It wasn’t long after moving into his two-flat on Harrison Street that James Balodimas noticed the smell. It was a mix of the foul odors he expected to find in a bathroom, including harsh cleaners, but it permeated both the upstairs and downstairs portions of the property.
As it turns out, the neighbor’s bathroom is directly behind a dividing wall shared by the two properties. While renovating the first-floor into a photography studio in the summer of 2002, Balodimas said the odors were overwhelming. He was even more surprised to find his neighbor’s gas line ran through his property. According to Balodimas, pockets of empty space in the walls around the pipe are drafting the fetid smells into his living space.
“I get headaches some days,” Balodimas said.
For years Balodimas said he has been asking the village to enforce its building codes but has grown frustrated with the perceived lack of enforcement. Beginning in August of 2003 he began hiring attorneys to draw attention to the structural problems that he said the village has ignored. His property at 7436 Harrison St. was once connected to several neighboring structures before being divided into separate units. The partitioning process was poorly regulated and explains why his neighbor’s gas line is in his house, Balodimas said, and now the village is reluctant to clean up the mess.
“The gas company needs to come out and move that,” Balodimas said. “The village needs to enforce that. The gas line doesn’t need to go through somebody else’s property.”
Director of Public Health and Safety Mike Boyle said his office hasn’t heard from Balodimas in more than a year, and wasn’t aware that problems might still exist. Balodimas contacted the Forest Park Review after reading a March 14 story regarding the village’s failed attempts to resolve a drainage dispute on Thomas Avenue.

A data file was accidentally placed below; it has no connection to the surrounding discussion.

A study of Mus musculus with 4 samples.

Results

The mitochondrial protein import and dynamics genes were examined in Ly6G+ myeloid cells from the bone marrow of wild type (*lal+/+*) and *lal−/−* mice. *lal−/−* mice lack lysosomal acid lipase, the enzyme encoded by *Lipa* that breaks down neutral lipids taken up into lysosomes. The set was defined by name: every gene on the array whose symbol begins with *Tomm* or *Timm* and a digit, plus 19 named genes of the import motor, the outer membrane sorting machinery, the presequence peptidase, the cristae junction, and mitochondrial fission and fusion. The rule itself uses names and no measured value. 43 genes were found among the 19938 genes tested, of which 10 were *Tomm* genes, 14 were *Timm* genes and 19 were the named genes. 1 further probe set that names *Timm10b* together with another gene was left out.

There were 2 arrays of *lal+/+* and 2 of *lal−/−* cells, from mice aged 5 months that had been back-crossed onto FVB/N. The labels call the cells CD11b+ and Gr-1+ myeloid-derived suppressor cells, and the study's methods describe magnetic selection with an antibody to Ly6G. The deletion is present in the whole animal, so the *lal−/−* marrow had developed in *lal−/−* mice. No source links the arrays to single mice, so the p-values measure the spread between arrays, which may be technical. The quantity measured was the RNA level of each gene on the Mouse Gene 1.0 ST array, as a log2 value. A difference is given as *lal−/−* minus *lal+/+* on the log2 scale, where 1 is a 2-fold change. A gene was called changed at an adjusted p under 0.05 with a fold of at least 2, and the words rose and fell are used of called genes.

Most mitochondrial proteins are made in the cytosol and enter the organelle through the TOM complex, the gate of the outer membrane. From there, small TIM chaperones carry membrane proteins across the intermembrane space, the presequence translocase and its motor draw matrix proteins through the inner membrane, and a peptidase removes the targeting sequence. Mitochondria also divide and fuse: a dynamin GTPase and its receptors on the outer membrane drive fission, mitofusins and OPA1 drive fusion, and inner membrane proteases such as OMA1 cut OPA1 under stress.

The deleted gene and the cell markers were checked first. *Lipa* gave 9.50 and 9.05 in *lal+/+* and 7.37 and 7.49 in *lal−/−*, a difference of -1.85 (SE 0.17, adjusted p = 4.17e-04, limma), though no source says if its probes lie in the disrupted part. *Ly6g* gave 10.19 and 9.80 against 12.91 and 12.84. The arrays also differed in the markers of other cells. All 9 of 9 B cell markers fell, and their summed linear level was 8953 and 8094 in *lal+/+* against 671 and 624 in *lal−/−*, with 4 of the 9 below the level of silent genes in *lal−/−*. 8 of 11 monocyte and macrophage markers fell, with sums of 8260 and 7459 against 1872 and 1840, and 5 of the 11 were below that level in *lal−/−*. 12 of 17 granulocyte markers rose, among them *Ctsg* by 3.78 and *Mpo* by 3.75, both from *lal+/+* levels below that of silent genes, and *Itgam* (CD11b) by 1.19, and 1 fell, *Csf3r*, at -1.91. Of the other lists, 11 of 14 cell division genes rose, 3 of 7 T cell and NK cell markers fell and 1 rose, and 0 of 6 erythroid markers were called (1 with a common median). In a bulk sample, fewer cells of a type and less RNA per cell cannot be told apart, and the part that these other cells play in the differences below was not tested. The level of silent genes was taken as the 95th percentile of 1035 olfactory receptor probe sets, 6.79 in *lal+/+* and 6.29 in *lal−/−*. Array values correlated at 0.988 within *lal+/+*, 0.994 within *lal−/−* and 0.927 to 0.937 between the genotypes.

When Balodimas was in regular contact with various municipal departments, Boyle said his office was responsive and forced the neighboring property owner to make improvements.
In 2005, building inspectors determined that the Suburban Fellowship Center, Balodimas’ neighbor, wasn’t venting its bathroom in accordance with the building code. A ceiling vent was installed and routed through the single-story roof–directly underneath Balodimas’ second-story bedroom window.
That work, of course, violated local building codes and was later corrected.
“We did tell the folks that they had to raise the height of the vent because the termination point was too low and too close to the window,” Boyle said.
According to Balodimas, it took four months for the pipe to be extended to an acceptable height. However, a letter dated April 29, 2005, from the Suburban Fellowship Center suggests the organization voluntarily corrected the problem about a month after Balodimas said the vent was installed on March 23, 2005.
Boyle said he was not readily able to determine when the vent was installed, but believes his office may have inspected the work in July of that year.
The fellowship center has no formal affiliation with Alcoholics Anonymous, but has used the property at 7438 Harrison St. since the early 1960s as a meeting place for those in recovery. According to the group’s vice president, Blake H. [last name withheld upon request], 57 meetings are held each week at all hours of the day.
“Ever since (Balodimas) bought the place he’s been at odds with us over anything he can,” Blake said. “We’ve done everything possible to make him comfortable.”
An attorney hired by Balodimas to pressure the village and the Suburban Fellowship Center acknowledged that his former client would rather not live next door to an alcohol rehab facility, but said Balodimas has a legitimate complaint. Jim Zahn of Sabo & Zahn in Chicago was hired to represent Balodimas for almost two years until September of 2005. In that time, Zahn said he encountered a stubborn village government that was selective in its code enforcement.
“(Balodimas) is active enough that he’s become an abrasive factor in that community and they’re fighting him tooth and nail by ignoring him,” Zahn said.
Solving the problem requires further investigation on the part of the Public Health and Safety office, Boyle said, which isn’t going to happen if Balodimas doesn’t call the village. As for the stray gas line, Boyle said that could be a symptom of dividing up what was once a single property.
Village codes would not allow any new construction project to encroach its utilities onto a neighboring property, Boyle said.
“By all means, call me and we will come over,” Boyle said. “Any deficiencies will be identified and they’ll have to fix it.”